Sheep husbandry was essential to farming from the Middle Ages onwards and brought great prosperity to the whole country. Our village of Salle has a magnificent 15th Century church which can seat 600 people which is standing evidence of the wealth generated by the wool and weaving trade.  The City of Norwich was a very important centre for wool and cloth; and many Norfolk towns and villages had large population of weavers and cloth merchants. 

The principal local sheep breed was the black-faced Norfolk Horn, grazing mainly on light sandy heathland, producing sweet mutton and a short fine fleece perfect for the weaving of Norfolk’s famous worsted cloth. 

Shepherds' huts became commonplace from the late 18th Century onwards.  Used as mobile shelters pulled by a farm horse or the shepherd's trusty pony, a hut accompanied the flocks as they were moved from sheepfold to pasture,and was crucial at lambing time when the shepherd needed to be continually on hand:

Night and day they must be on the watch to assist the ewes, to cherish weakly lambs with warm milk, to restore others that appear dead by administering a little spirit; to counteract the unnatural disposition of some mothers that refuse their off-spring; or to find foster-mothers for poor orphans … these are reared generally by the assistance of a tea-pot with cow’s milk, and are called cades or pets. A fire is kept up day and night in the shepherd’s lodge, to which any perishing or weakly lambs may be brought.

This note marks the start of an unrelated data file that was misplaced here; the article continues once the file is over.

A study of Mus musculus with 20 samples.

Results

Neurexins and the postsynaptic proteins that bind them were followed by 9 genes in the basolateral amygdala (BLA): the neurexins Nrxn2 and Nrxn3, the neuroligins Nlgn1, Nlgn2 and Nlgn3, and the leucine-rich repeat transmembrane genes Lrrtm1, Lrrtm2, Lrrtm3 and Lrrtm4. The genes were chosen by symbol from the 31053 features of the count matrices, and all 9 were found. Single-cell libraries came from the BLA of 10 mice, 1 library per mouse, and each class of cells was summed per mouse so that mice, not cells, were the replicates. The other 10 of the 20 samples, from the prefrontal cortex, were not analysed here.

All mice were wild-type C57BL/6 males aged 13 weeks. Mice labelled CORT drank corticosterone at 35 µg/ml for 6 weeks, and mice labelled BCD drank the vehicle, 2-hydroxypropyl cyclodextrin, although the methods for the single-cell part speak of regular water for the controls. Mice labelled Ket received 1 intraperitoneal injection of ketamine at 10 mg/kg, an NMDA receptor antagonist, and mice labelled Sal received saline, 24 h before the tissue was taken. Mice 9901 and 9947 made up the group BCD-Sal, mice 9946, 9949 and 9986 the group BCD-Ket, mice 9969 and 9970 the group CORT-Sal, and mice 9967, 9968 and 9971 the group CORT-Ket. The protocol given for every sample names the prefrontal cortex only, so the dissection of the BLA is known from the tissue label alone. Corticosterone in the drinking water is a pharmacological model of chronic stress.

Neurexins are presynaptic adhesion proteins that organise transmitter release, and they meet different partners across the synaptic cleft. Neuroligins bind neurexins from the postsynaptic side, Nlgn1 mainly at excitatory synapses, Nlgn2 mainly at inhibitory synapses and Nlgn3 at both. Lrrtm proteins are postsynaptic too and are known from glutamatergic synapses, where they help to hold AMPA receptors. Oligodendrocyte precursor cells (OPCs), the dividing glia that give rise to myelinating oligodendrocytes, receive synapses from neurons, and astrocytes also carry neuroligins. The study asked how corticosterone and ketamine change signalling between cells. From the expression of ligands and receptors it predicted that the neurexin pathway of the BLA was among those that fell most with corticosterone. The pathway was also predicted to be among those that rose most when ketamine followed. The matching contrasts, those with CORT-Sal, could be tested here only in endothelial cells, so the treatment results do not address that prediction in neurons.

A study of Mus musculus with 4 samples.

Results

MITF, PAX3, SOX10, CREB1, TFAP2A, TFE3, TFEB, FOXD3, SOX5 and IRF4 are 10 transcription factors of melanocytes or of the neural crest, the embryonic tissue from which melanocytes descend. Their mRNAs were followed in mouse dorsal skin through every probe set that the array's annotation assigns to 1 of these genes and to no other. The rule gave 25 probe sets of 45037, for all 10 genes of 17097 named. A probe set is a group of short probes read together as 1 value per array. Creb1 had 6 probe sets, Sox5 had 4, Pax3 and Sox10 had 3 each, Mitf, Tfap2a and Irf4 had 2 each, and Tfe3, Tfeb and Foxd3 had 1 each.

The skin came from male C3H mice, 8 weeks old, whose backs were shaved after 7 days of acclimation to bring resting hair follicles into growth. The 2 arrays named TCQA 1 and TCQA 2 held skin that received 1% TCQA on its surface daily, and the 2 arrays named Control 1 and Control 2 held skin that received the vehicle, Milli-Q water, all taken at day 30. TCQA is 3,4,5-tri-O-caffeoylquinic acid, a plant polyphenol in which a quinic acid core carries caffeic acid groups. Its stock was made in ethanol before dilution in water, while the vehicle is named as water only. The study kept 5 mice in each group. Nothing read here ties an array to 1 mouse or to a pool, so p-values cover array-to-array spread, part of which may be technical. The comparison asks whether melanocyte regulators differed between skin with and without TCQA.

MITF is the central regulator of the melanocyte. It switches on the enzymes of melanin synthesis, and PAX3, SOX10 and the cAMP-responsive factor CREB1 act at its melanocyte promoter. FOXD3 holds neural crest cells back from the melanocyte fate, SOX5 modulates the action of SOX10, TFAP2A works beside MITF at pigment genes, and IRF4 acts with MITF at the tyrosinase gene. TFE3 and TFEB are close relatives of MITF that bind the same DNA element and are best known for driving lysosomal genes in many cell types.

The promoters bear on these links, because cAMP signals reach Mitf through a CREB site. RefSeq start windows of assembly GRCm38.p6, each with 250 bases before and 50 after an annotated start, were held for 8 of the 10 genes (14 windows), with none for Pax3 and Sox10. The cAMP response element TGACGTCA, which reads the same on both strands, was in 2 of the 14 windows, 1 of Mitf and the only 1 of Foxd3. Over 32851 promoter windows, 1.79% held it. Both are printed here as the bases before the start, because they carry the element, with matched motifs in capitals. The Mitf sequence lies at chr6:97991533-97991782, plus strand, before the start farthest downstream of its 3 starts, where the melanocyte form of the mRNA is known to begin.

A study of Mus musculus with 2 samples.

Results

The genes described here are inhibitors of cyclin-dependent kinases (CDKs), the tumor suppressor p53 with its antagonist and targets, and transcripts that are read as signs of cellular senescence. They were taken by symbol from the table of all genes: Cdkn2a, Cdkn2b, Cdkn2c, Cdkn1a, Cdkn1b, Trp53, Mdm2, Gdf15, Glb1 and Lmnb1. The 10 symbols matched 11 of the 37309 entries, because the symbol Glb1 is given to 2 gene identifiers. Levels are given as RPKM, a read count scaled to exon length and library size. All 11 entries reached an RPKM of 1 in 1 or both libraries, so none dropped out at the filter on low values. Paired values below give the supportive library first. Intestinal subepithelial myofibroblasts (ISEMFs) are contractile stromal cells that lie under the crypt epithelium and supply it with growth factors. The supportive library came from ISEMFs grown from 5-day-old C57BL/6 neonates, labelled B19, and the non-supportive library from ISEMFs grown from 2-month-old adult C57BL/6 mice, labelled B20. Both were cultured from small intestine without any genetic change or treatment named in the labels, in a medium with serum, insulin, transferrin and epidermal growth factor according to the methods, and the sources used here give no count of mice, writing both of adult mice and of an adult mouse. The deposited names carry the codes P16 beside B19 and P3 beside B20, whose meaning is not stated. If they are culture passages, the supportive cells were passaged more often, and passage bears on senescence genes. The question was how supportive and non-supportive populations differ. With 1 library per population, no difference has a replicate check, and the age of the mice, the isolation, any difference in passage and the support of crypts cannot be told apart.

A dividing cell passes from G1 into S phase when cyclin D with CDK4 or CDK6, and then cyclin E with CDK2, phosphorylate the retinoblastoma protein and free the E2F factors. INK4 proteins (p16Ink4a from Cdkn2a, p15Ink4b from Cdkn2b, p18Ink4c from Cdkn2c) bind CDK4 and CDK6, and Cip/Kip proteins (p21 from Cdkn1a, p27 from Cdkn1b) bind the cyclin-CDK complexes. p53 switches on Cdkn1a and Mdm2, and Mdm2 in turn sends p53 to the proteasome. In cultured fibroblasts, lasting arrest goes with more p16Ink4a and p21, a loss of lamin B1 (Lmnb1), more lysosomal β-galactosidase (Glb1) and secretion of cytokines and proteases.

The sheep are kept upon turnips, so as to maintain their strength and afford sufficient nourishment to the lambs; screens of hurdles, or straw, or fern, are raised to keep off the wind, and troughs with corn, or linseed-cake, are placed.

William Howitt Book of the Seasons 1830

In the fever of agricultural improvement at the end of the 18th Century, two rival North Norfolk farmers both laid claim to their first use in the county:

Mr Purdis, of Eggmore*  has two shepherds' boarded houses on wheels, they contain a bed, and a stove for heating milk, so well contrived it is heated in ten minutes: he has found the advantage in lambing time so great, that he has no doubt of having saved a great number of their lives; and recommends it strongly to his brother farmers.  

Mr HILL, of Waterden (near Walsingham) has a shepherd's house on wheels for lambing time, and hinted that it was first used at Waterden...

(* sic. Egmere, near Walsingham)

Arthur Young General View of the Agriculture of the County of Norfolk published 1804

Notably, the huts made on the farms in Norfolk had pitched roofs rather than bowtop - as the 19th Century progressed, the use of curved corrugated steel was much more predominant in the West Country, farms there being nearer to the manufacturing and engineering works of the Midlands.  Transport links and costs kept farms in East Anglia self-reliant for longer.

By the 19th century, the textile trade had also moved across to the industrialised Midlands. Farming developed new breeds of livestock and the Suffolk sheep, bred from the old Norfolk Horn, became popular worldwide.  Shepherd’s huts continued to play an important role at lambing time until well into the 20th Century.